Comparison of Midazolam and Propofol for Sedation in Pediatric Diagnostic Imaging Studies


SEBE A. , YILMAZ H. L. , KOSEOGLU Z., AY M. O. , GULEN M.

POSTGRADUATE MEDICINE, cilt.126, ss.225-230, 2014 (SCI İndekslerine Giren Dergi) identifier identifier identifier

  • Cilt numarası: 126 Konu: 3
  • Basım Tarihi: 2014
  • Doi Numarası: 10.3810/pgm.2014.05.2770
  • Dergi Adı: POSTGRADUATE MEDICINE
  • Sayfa Sayıları: ss.225-230

Özet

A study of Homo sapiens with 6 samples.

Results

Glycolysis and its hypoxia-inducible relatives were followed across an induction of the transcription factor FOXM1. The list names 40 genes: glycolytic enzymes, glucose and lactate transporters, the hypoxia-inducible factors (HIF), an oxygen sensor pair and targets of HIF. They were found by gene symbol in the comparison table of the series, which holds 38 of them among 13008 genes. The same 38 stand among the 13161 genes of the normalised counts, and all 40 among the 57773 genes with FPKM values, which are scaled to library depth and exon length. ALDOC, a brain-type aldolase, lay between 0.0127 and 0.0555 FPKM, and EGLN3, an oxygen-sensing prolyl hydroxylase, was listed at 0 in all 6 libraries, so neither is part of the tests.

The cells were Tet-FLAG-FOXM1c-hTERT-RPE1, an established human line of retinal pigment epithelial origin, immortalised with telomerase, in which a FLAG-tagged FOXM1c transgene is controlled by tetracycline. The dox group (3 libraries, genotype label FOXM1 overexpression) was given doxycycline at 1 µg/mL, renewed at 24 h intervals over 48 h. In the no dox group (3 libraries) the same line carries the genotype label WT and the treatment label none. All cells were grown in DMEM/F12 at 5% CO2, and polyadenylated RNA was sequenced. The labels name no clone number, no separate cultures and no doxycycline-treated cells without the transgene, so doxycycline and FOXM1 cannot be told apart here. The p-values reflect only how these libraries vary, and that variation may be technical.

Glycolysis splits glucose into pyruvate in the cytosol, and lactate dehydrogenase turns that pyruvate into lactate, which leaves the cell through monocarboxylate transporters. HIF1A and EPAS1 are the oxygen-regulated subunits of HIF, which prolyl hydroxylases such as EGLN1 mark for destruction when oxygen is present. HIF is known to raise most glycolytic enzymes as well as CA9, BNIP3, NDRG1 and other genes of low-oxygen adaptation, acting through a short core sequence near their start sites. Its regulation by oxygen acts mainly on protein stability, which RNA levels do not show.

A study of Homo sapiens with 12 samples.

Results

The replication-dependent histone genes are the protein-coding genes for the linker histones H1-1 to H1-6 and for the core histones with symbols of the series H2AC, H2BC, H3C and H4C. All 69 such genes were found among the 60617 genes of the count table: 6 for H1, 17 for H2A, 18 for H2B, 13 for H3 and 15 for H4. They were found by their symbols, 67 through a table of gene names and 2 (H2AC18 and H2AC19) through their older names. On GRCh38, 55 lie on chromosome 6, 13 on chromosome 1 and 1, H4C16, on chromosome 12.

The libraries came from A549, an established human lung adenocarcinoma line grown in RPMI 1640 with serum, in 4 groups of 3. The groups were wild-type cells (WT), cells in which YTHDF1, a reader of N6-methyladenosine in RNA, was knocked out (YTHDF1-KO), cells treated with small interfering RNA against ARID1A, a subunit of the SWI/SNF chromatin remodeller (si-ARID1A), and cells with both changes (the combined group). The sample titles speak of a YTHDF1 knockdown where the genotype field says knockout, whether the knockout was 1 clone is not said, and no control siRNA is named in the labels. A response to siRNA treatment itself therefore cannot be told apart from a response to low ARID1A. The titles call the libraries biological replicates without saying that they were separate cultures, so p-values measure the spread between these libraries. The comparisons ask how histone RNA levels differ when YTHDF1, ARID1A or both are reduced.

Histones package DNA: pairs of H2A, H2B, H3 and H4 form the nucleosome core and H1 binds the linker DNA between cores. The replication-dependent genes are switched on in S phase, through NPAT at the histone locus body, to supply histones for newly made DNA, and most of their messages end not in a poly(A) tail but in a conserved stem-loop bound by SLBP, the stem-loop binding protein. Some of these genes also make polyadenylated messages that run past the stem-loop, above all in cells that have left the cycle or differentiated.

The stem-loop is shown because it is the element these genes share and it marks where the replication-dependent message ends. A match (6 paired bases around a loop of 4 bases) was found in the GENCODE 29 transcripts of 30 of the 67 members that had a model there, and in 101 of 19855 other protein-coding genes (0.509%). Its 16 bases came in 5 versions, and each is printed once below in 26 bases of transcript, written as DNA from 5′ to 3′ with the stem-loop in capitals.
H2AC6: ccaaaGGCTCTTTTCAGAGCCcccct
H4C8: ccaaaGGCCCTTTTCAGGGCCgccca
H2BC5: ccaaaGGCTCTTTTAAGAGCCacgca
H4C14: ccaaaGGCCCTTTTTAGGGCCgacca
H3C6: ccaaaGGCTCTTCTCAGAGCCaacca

Objective: This study aims to compare the efficacy of propofol and midazolam in terms of adverse effect potentials and to determine the appropriate strategy for pediatric procedural sedation. Methods: A total of 200 pediatric patients (aged < 14 years) undergoing diagnostic procedures were recruited for this nonrandomized prospective controlled cohort study. The patients were assigned to 2 treatment arms: either propofol (Group 1: IV bolus dose of 2 mg/kg during a 2-minute period, IV maintenance dose of 100 mcg/kg/min) or midazolam (Group 2: IV bolus dose of 0.15 mg/kg during a period of 2 to 3 minutes) to achieve sedation. Demographic data, body weight, and clinical status of the patients were evaluated and recorded. The vital signs and sedation levels (ie, Ramsay sedation scale scores) were evaluated and recorded, as well as the complications detected and medications administered in 10-minute intervals throughout the sedation procedure. Findings between the study arms were compared. Results: Arterial blood pressures decreased significantly in both groups (P = 0.001). The patients in Group 1 experienced a greater difference in diastolic blood pressure (P = 0.001) than those in Group 2. Sedation scores in Group 1 were more favorable (P = 0.014) and reached the appropriate sedation level in a shorter time than those in Group 2 (P = 0.010). Likewise, recovery time of patients was shorter in Group 1 than in Group 2 (P = 0.010). Hypoxia was found to be more common in the propofol group, but the difference was not significant (P = 0.333). Conclusion: Propofol seems to be more effective, achieve the appropriate sedation level more quickly, and provide a faster onset of sedation than midazolam in pediatric procedural sedation and analgesia. Propofol is preferred for imaging studies (computed tomography and magnetic resonance imaging) to reduce the occurrence of undesired motion artefacts. Although both drugs are safe to use for sedation before pediatric imaging procedures, propofol is preferred with appropriate preparation.